Exercise safely this summer

Regular exercise is one of the best things you can do for your health, and summer is the perfect time to get moving. Whether you're looking to kick-start a new fitness routine or keep a good thing going, just make sure you’re doing it safely.

The days of “feel the burn” and “no pain no gain” are long gone. Safe (and sane) exercise in moderation is the best way to stay fit and injury free, this summer and year-round.

Common injuries

Some of the most common injuries we see at our  Indigo Urgent Care clinics are sports and workout overuse injuries. Any type of exercise puts repetitive stress on the tendons, muscles, bones, nerves and cartilage. Often, the stress causes microtraumas, or minor injuries that heal with rest.

But when you exercise too much, your body doesn’t have the chance to repair the damage, leaving you prone to overuse injuries, such as:

  • Patellar (kneecap) tendinitis
  • Heel bursitis
  • Stress fractures
  • Nerve entrapment
  • Elbow cartilage damage
  • Sprains and strains

Girls exercising outside

While Indigo Urgent Care is here to treat minor injuries and fractures, the last thing you want is to be sidelined for the summer with a preventable injury.

Injury prevention

As you plan your summer fitness activities, here are a few way to keep you and your loved ones safe, healthy and on the move.

1. Balance your fitness.

Overuse injuries occur when you use the same muscles in the same way. A well-rounded fitness program should include strength training, cardiovascular exercise and flexibility. Mix it up to get a total body workout, prevent boredom and reduce your chance of injury.

2. Warm up and stretch.

When you don’t properly warm up or stretch before exercise, you can pull, strain or sprain muscles or cause cardiovascular distress. To warm up, run in place for a few minutes, gently mimic the movements of the exercise you’ll be doing, and breathe slowly and deeply. This will increase your heart rate and blood flow and loosen up muscles, tendons, joints and ligaments.

Once you’re warmed up, stretch to make the muscles more pliable and less likely to tear. Inhale before each stretch, hold it for 10 to 20 seconds, and then slowly exhale and release the stretch. Never stretch to the point of pain.

Using resistance bands for stretching

3. Wear the right gear.

Wear well-fitting, supportive athletic shoes appropriate for the exercise you’re doing, and replace them when they begin to wear out. Loose-fitting, comfortable clothing allows you to move freely and release body heat.  

4. Hydrate.

In hot, humid weather you can lose over a quart of sweat in an hour of moderate to intense exercise. Be sure to hydrate before, during and after a workout. By the time you’re thirsty, you may already be dehydrated.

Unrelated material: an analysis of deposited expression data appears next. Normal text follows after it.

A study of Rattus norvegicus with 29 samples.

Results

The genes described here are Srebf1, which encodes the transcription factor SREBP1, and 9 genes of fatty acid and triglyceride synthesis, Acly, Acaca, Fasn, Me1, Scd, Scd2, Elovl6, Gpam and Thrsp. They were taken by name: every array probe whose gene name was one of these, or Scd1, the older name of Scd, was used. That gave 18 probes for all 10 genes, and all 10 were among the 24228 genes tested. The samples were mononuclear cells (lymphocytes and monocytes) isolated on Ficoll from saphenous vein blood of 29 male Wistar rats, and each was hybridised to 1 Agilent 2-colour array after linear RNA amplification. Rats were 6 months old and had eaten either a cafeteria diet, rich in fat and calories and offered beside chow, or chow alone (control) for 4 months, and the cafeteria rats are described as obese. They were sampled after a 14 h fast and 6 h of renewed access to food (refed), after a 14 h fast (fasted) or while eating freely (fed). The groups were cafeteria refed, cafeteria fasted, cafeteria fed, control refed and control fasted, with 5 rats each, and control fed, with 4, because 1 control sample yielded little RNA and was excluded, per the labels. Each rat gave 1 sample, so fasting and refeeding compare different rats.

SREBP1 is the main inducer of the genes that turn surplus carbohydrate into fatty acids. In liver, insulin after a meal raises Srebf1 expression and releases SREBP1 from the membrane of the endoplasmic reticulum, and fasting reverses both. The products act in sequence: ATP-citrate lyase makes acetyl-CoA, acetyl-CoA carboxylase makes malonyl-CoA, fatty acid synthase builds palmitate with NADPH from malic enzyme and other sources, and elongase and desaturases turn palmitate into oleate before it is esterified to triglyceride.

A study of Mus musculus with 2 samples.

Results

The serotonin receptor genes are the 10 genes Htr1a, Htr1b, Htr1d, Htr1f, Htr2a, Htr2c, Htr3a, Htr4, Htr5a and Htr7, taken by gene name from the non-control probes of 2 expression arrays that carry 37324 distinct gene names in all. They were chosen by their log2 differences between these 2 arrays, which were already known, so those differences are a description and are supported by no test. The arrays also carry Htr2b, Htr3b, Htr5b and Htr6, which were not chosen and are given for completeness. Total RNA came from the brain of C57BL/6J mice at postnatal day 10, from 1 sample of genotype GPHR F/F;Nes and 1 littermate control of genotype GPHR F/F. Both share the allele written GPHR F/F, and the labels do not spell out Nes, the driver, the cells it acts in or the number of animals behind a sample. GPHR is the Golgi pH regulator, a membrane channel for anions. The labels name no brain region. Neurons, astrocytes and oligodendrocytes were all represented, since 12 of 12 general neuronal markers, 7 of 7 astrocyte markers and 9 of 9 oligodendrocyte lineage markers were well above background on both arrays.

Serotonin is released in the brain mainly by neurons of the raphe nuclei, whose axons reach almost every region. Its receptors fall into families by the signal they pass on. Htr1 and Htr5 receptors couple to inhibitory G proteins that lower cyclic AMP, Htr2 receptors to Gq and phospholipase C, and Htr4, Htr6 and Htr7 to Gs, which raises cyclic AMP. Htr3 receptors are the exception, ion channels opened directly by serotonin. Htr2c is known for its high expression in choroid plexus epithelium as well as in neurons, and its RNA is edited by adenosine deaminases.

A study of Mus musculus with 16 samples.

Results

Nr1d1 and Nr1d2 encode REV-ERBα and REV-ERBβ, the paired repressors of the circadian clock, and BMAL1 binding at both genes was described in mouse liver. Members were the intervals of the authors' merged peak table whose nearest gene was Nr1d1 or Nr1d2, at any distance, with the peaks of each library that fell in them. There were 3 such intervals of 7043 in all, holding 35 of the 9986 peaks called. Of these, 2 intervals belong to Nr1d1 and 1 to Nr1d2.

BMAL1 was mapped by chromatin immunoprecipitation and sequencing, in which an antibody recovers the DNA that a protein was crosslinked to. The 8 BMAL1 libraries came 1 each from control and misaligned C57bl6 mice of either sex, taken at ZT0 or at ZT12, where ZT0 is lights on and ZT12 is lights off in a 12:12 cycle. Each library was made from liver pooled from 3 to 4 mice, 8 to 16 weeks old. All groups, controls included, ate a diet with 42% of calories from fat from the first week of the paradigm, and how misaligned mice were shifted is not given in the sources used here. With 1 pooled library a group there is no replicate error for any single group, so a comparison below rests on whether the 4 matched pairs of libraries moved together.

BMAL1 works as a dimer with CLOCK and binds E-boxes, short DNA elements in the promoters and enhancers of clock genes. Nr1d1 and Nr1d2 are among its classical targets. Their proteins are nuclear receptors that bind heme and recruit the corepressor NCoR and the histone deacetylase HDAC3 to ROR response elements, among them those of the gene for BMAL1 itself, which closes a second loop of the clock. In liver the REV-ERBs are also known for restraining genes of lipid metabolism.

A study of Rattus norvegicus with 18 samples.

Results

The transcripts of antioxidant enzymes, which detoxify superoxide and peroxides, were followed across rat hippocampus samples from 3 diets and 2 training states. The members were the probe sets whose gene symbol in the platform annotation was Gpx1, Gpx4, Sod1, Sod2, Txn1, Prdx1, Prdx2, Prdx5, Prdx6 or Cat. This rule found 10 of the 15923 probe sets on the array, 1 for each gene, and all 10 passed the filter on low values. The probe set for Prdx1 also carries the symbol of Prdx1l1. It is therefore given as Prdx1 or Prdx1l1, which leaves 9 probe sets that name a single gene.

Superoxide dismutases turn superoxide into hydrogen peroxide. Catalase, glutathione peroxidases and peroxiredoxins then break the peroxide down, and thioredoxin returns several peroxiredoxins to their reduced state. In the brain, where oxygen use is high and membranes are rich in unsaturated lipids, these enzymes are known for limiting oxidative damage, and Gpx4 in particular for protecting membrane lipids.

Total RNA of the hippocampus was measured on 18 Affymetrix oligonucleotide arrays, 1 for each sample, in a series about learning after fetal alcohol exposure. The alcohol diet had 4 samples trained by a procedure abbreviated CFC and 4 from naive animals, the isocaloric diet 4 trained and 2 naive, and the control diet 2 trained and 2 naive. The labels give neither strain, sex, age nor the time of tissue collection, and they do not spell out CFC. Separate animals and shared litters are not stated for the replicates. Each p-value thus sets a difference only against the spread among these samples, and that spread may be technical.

You should drink one pint of water about 15 minutes before you start exercising and another pint after you cool down. During exercise, drink a cup of water about every 15-20 minutes.

5. Cool down.

Your cooldown should take twice as long as your warmup. Once you reach the end of your workout, slow your motions and lessen the intensity of your movements for at least 10 minutes before you stop completely. When your skin is dry from the sweat and your temperature cool, you'll know that you have cooled down properly.

6. Take a break.

The best exercise routines include days of rest to give your body the chance to heal from soreness and minor injuries. If you feel pain or fatigue on a day when you're supposed to exercise, consider resting that day rather than pushing your body.

7. Beat the heat.

When the heat is on, take steps to keep cool:

  • Wear light-weight, moisture-wicking clothing.
  • Adjust workout times to take advantage of cooler mornings or evenings.
  • Wear sunscreen with an SPF of 40 or higher. Apply it at least 15 minutes before you go outside and reapply at least every 2 hours.
  • On especially hot days, seek shaded areas for exercise or opt for an indoor workout.

When you exercise in warm weather, it’s important to know the warning signs of heat-related illness. Heat exhaustion symptoms include fatigue, weakness, nausea, dizziness, muscle cramps and increased body temperature.

Symptoms of heat stroke include the inability to sweat, acute breathing problems, disorientation and loss of consciousness.

Indigo is here when you need care

Even when you take precautions, injuries happen. If you or a family member experience a minor injury, seek medical treatment right away. Indigo Urgent Care has  more than 30 locations across Washington with onsite X-ray.

Our friendly medical professionals are here every day from 8 am to 8 pm to offer immediate care and get you feeling better and back in action in no time. We also offer  online care 24/7.